A new molecular mechanism that contributes to the death of some nerve cells has been discovered by a team of scientists led by researchers at Oregon State University.
The researchers found that blocking a protein called HSP90 can result in the activation of a receptor present in motor nerve cells, which will in turn trigger signals that induce cells to die.
This adds one more piece to better understanding the cellular process that contributes to the development of amyotrophic lateral sclerosis (ALS) and other neurodegenerative disorders.
“It is well known that there are some motor neuron subpopulations resistant to degeneration in ALS, and other subpopulations that are highly susceptible to degeneration,” Alvaro Estevez, PhD, associate professor at OSU College of Science and corresponding author of the study, said in a university press release written by Steve Lundeberg.
“Understanding the mechanisms involved in these different predispositions could provide new insight into how ALS progresses and open new alternatives for the development of novel treatments for the disease,” he said.
The death of these cells can be triggered by a non-autonomous process that results from exacerbated activation of immune cells that reside in the central nervous system. But it is believed that motor neuron autonomous mechanisms contribute to ALS development and progression.
Working in collaboration with researchers at the Weill Cornell Medical College, University of Central Florida, and University of Alabama at Birmingham, the OSU team found that motor nerve cells are particularly sensitive to the inhibition of the chaperone protein known as HSP90.
Indeed, motor neurons collected from rats were shown to be 100-fold more sensitive to Hsp90 inhibition — induced by the anti-tumor antibiotic geldanamycin, used in chemotherapy — compared with other populations of nerve cells.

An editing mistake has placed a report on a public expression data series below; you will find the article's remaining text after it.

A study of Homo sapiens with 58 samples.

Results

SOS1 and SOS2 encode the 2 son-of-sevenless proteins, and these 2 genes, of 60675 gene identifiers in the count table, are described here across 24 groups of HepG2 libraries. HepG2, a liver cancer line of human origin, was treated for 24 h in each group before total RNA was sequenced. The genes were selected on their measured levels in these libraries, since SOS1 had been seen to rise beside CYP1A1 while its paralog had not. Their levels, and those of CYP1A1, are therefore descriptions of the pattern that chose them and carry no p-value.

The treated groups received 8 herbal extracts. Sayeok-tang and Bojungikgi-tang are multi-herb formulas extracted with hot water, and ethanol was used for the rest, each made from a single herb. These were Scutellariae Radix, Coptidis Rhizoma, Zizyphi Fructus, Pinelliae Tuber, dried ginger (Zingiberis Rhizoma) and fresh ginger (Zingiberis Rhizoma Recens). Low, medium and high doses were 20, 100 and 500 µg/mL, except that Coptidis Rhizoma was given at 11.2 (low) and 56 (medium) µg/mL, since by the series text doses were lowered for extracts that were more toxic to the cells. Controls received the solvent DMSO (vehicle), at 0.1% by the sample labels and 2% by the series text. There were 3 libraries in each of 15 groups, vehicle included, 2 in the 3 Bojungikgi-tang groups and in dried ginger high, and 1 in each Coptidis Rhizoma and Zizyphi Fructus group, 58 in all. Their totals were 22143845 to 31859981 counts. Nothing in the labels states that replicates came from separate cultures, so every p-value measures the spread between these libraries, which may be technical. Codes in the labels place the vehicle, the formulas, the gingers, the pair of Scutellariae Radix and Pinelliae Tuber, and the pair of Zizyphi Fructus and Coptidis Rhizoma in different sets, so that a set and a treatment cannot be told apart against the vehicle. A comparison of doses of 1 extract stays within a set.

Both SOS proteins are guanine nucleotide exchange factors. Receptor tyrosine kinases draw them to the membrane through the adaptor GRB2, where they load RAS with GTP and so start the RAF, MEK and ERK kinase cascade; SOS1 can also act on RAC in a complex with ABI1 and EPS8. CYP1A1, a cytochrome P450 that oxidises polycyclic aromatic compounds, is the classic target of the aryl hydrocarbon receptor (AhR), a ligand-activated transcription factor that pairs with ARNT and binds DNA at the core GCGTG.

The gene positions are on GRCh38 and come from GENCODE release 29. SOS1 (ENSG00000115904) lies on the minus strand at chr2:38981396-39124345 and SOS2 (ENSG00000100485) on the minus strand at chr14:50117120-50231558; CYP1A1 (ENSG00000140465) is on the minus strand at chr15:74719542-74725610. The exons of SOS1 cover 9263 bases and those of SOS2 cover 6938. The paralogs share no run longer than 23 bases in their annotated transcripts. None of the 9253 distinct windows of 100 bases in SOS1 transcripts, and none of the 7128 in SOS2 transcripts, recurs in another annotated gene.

Further experiments revealed that the death process induced by HSP90’s inhibition was mediated via the activation of the P2X7 receptor and its downstream pro-death signals.
Based on these findings, the team believes that “altering the interaction between P2X7 receptor and Hsp90 (…) can induce motor neuron death.”
Additional data suggested that use of geldanamycin may have unintended effects. The researchers said it may contribute to a reduction of pro-survival signals, thus putting nerve cells at risk.
“The inhibition of Hsp90 as a therapeutic approach may require the development of inhibitors that are more selective so the cancer cells are targeted and healthy motor neurons are not,” said Maria Clara Franco, PhD, assistant professor at the OSU College of Science and co-author of the study.
The researchers said the findings are an important advance toward understanding why certain cells in the nervous system are prone to breaking down and dying, as happens in patients with ALS.